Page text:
SMEs in emerging markets need more finance to grow their businesses and trade with new markets. Technology can provide the data that banks need to mitigate risk and support even the smallest companies.
Most people in the world are employed by small to medium enterprises (SMEs). In emerging markets, SMEs create 70% of jobs, according to the World Bank.
And the World Bank estimated – before Covid-19 related job losses – that another 600m jobs will be needed by 2030 to support a growing global workforce, mainly in the developing world.
That suggests that a lot more finance will have to be provided to SMEs in emerging markets – particularly if they are going to be able to command higher margins by exporting their goods.
As things stand, SMEs are not on the radar of trade finance banks because they’re too small and too little is known about them. But technology holds out the promise of changing that.
“Technology makes providing trade financing to SMEs significantly more feasible,” says Alexander Malaket, President of OPUS Advisory Services International.
How technology can help mitigate risk
“The more visibility you have, the more you can mitigate both physical and financial risk. But for an SME in Africa that needs a small, life-changing amount, there is currently nowhere to go. Even export credit agencies that are public-good-driven have thresholds.”
However, Malaket sees data analysis opening up more options.
Kountable, for example – a technology platform in Kenya – enables SMEs to do business with global suppliers.
SMEs get short-term funding when Kountable pays the global firms, which are offered “fully auditable” SME business. It also deals with issues like:
- currency risk, and
- logistics for the SMEs.
Platforms that support SMEs are also taking off in Asia.
There, DBS Bank is due to launch a platform in collaboration with Infor later this year. The platform will provide pre-shipment finance to SMEs using supply chain data to assess risk and creditworthiness. Infor is a cloud business software company.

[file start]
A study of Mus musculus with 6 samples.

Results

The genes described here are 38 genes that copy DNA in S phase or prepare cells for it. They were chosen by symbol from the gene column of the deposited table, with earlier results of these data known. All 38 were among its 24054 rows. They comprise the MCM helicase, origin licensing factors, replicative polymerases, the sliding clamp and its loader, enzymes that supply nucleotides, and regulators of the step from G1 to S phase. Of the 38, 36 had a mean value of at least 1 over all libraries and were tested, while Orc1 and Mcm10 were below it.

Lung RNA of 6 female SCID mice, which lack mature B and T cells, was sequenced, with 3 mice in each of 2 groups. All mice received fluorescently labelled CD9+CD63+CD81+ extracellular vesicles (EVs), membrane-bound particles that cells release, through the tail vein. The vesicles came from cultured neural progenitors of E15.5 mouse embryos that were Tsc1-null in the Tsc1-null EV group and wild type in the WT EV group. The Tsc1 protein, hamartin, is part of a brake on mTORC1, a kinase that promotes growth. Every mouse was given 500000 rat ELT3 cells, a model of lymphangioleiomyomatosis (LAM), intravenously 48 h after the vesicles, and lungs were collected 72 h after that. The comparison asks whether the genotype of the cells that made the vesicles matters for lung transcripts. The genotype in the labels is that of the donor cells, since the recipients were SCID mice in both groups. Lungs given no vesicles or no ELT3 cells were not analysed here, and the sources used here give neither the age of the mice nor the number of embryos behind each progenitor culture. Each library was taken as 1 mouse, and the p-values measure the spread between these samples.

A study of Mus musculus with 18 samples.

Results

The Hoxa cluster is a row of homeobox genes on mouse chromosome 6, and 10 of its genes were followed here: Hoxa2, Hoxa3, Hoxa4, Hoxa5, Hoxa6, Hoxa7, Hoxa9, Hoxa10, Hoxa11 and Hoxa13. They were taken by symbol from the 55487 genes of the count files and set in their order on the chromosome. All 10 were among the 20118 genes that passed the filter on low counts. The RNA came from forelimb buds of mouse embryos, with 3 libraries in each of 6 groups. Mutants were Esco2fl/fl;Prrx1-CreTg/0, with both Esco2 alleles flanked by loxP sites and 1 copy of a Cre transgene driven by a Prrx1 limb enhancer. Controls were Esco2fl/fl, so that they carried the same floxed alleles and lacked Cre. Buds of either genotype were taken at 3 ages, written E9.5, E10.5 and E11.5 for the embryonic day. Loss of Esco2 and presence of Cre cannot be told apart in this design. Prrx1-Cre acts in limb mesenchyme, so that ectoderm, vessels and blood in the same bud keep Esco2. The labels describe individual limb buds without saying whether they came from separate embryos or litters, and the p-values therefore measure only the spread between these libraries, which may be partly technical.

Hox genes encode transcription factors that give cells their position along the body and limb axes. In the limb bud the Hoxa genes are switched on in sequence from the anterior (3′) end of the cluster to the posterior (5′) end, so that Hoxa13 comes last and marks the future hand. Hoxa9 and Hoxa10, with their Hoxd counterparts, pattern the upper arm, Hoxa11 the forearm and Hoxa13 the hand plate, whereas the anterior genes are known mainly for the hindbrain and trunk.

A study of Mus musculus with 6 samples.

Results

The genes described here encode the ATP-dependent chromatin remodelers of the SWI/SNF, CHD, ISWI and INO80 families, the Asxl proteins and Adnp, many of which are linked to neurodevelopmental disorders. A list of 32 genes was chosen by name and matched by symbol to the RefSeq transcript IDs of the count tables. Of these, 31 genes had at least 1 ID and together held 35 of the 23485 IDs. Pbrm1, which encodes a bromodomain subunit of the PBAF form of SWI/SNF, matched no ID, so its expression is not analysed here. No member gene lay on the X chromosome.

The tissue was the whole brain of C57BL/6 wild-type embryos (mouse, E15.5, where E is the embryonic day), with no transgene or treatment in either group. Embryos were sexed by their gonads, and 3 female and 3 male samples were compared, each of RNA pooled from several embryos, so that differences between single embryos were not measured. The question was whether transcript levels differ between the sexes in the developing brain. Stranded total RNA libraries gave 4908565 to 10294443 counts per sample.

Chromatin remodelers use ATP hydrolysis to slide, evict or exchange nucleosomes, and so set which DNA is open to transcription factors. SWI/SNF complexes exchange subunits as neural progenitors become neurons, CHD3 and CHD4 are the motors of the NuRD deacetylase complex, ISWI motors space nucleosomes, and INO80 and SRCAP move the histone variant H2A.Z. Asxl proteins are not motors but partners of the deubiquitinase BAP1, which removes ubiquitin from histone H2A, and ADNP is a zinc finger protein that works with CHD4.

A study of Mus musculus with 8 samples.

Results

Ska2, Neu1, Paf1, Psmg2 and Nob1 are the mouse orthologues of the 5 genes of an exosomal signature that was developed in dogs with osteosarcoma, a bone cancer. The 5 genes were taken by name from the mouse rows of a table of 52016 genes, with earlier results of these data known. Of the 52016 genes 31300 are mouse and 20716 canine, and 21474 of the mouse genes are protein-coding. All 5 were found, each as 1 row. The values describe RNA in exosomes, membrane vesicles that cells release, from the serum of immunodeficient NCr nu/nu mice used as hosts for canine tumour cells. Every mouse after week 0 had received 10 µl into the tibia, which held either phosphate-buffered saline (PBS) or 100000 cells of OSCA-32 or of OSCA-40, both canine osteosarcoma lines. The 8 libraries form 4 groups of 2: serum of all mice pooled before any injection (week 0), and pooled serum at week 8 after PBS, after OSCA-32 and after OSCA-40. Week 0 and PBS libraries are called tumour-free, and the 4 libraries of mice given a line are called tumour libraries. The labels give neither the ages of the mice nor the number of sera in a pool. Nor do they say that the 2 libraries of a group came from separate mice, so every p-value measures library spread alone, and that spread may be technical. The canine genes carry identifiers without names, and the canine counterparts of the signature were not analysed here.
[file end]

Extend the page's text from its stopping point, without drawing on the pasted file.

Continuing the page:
There should be a lot of demand for its services.
“Developing Asia is one of the regions most affected by trade finance shortages,” says Dr Marc Auboin, Counselor, Trade and Finance, at the World Trade Organization.
“The re-allocation of trade and production has been faster than the ability of the local, developing financial sector to meet that demand for tradeable goods.”
How technology can help finance micro-firms
Businesses that are tied into global supply chains are likely to be able to generate enough data to make them auditable. But the way technology can give SMEs the heft of much bigger companies through a platform also applies to micro-firms, such as cocoa farmers.
“Data pooling is happening in emerging markets on a small scale,” says Tedd George, Chief Narrative Officer of Kleos Consulting.
“For example, you can agree to share all your phone data to get a credit profile. That is an opportunity for banks to step up lending to SMEs.”
How banks can get the data they need for trade finance
Can banks gather enough data to support the compliance needs of trade finance for the smallest suppliers?
Increasingly, yes. In particular, the lockdowns may be a tipping point in smartphone penetration in emerging markets. Akinwale Goodluck is the Head of Sub-Saharan Africa (SSA) at the GSMA, the global trade body for the mobile telecom sector.
He says, “We have seen a significant uptake in data demand and consumption across Sub-Saharan Africa with operators reporting in many instances over a 100% increase in data consumption.”
He adds that much of this will be down to working from home, e-commerce and e-learning.
“This no doubt would have led to an increase in the demand and connection of smart devices. While we don’t yet have actual smartphone adoption figures during Covid-19, our current forecast does show that 2020 is the tipping point for majority usage – smartphone adoption in SSA will reach 51% by the end of the year, from 45% at the end of 2019.”
Big data attracts big data companies with strong machine learning capabilities
Google recently set up a partnership with Ecobank Group to help SMEs make full use of e-banking. Google is a major software presence in Africa because most of the smartphones use Google’s Android operating system.
“Banks need to understand what you can do with big data,” says Tedd George.
“A woman selling mangoes, for example, could have years of sales data from mobile payments. That data could be used to support a sizeable loan. Agriculture in Africa desperately needs financing.”
He points to cocoa farming in the Côte d’Ivoire as having a “wealth” of data that’s not yet being used because it is disaggregated and unstructured. That is, it’s not stored in databases with pre-set fields.
However, a push for the tracking of sustainable production is changing that. “Sustainability and traceability go hand-in-hand,” says George.